For most of the Syrian refugees arriving in Canada this month, their first challenge will be to find affordable housing as they transition into a new life in the country.
Dominic Amann, an IT project manager, plans to offer two bedrooms in his home along with free food to a family of four or five members with the assistance of Wesley United Churches in Hamilton, Ontario.
Amman was born in England and came to Canada 25 years ago. As a child, he saw his father receive refugees from Uganda and Kenya during the 1970’s expulsion. He is Roman Catholic and wife is Jewish.
The offer was made possible with extended resources from his network of friends, such as food, clothing and even employment for the refugee family. Amman is also willing to let them stay for longer than the standard 12 months if necessary.
“I am flexible,” Amann says. “We have to see what the need is, as well as my ability to continue as it cannot be unlimited.”
Impact on low-income rental housing
Building developers are not worried that offering free or discounted rental units to Syrian refugees might impact the affordable housing market.
“Twenty-five thousand refugees translates into seven to eight thousand households from Barrie all the way to Victoria,” says Bob Dhillon, president and CEO of Mainstreet Equity Corp, a rental apartment provider in Calgary. “It’s a drop in the ocean. I don’t think it’s going to impact in any sense.”
Dhillon has offered 200 rental units in different cities for three months, either free or prorated (where three months’ rent is proportionally distributed over 12 months).
Many Canadians are struggling to find affordable housing. This is particularly true in Ontario, where a 2014 report from the Ontario Non-Profit Housing Association suggests that the average family waits for rent-geared-to-income housing for 2.3 years.
The province suffers from chronic homelessness, something the Ontario government has committed to eradicating in the next 10 years.
“It’s a drop in the ocean, I don’t think it’s going to impact in any sense.”
Despite these large numbers, Daljit Thind, owner of THIND Properties Ltd., a new home builders company in Vancouver, agrees with Dhillon. He says offers made to refugees are on a humanitarian basis.
“Free or subsidized rentals offered to refugees is totally separate from low-income rental market,” he says.
Thind is offering a number of fully furnished townhouses to Syrian refugees in Vancouver without charging rent for few months.
For Amann, he says it would be harder for him to offer free or sponsored housing to homeless people in Canada because of the risks associated with it.
“[People who are] homeless in that situation are due to things like mental illness or addiction and can pose some level of risk to my family,” he says. “I know people coming as refugees have more external support from government and agencies.”
The government’s role in housing
Debbie Douglas, executive director at Ontario Council for Agencies Serving Immigrants, says the government has not made any special arrangements for Syrian refugees in terms of housing.
Like any other refugee group, only government-sponsored refugees get a housing supplement for a year; privately sponsored refugee are supported by their sponsors.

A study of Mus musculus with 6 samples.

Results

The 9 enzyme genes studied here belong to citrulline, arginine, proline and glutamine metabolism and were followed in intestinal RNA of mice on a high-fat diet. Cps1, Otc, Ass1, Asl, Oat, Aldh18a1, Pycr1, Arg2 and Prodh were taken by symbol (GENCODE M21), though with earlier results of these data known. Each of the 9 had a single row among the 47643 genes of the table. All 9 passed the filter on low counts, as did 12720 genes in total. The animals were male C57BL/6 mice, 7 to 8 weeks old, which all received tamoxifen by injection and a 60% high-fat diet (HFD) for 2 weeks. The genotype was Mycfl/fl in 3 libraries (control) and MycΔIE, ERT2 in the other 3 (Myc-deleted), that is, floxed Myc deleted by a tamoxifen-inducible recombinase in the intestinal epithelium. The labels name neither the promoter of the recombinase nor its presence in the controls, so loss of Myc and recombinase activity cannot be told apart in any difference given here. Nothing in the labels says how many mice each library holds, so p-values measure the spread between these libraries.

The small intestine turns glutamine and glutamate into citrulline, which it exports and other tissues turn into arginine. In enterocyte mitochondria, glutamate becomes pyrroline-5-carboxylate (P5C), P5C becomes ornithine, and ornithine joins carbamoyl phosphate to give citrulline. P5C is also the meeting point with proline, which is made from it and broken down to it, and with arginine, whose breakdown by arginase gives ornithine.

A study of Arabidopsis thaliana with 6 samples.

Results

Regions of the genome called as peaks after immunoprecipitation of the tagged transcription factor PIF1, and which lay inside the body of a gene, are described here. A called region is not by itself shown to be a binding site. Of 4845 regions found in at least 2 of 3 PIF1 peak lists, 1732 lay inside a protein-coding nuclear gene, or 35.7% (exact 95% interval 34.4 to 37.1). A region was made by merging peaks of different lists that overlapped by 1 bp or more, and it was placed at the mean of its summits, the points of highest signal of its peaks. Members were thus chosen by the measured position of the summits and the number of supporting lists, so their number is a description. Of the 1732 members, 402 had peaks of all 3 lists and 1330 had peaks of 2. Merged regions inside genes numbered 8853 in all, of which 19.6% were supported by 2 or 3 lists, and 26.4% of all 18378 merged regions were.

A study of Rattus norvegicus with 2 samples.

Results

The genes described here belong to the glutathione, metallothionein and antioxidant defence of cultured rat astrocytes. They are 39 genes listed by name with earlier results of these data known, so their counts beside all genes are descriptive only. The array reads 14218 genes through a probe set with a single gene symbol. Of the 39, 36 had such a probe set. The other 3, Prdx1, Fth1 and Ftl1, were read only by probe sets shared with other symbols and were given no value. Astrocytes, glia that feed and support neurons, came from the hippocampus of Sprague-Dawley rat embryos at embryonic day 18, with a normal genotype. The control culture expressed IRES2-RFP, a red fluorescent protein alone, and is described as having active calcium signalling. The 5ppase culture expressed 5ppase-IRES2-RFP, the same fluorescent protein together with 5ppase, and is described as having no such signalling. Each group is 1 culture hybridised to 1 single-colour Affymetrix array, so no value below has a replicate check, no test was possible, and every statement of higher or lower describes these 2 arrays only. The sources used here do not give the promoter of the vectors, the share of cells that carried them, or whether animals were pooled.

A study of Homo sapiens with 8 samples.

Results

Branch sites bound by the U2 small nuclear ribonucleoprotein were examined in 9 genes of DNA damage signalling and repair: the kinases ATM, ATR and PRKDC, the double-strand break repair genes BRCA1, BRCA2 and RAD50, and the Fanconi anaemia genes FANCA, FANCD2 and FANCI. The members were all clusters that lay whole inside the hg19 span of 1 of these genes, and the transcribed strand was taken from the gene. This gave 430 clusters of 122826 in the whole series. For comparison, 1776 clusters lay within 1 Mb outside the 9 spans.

“Even the social housing stock in Ontario is not being used for refugees,” she says.
However, with corporate donations, the government is looking to create a housing fund — separate from social housing — to help refugees transition to permanent housing.
“I know that CN [Canadian National Railway Company] has given a $5 million donation that the government is looking to create a sort of housing fund [with],” Douglas explains.
The government has not made any special arrangements for Syrian refugees in terms of housing.
In a news report, Heng Chau, the housing co-ordinator for Maison Sophia, a reception house for refugees in Ottawa’s ByWard Market area, says that most refugees manage to pay their rent by scrimping on other expenses.
The report adds that government-sponsored refugees – families of four with two adults and two children – receive approximately $2,600 assistance a month from the federal government during their first year in Canada, to cover food, housing, transportation and child-tax benefits.
According to Canadian Mortgage and Housing Corporation report, the vacancy rate amongst rental units in 35 of the country’s largest cities has increased to 3.3 per cent from 2.8 per cent in 2014, which means the arriving refugees should be easily accommodated in Canada’s housing market.
The report further adds that in October 2015, the average rent for a two-bedroom unit in new and existing buildings in those 35 cities was $960 a month.
Settlement process needs time
Some critics suggest that the hunt for affordable housing will get harder as more refugees arrive, while others believe that refugees who have lived in camps and tents often are comfortable in smaller living spaces or shared housing.
As Thind suggests for the town houses he is offering, “They have four bedrooms and can accommodate two families easily.”
With a language barrier, finding cheap affordable housing in the long-run for these refugees could be a challenge. However, Douglas says that while they get help from settlement counsellors, they are expected to move out on their own too, just like the other 100,000 or so immigrants who settle in Ontario every year.
“With access to language training and employment support, they will able to find entry level jobs in the beginning to support themselves,” she concludes.
Journalist Priya Ramanujam mentored the writer of this article through the NCM Mentoring Program.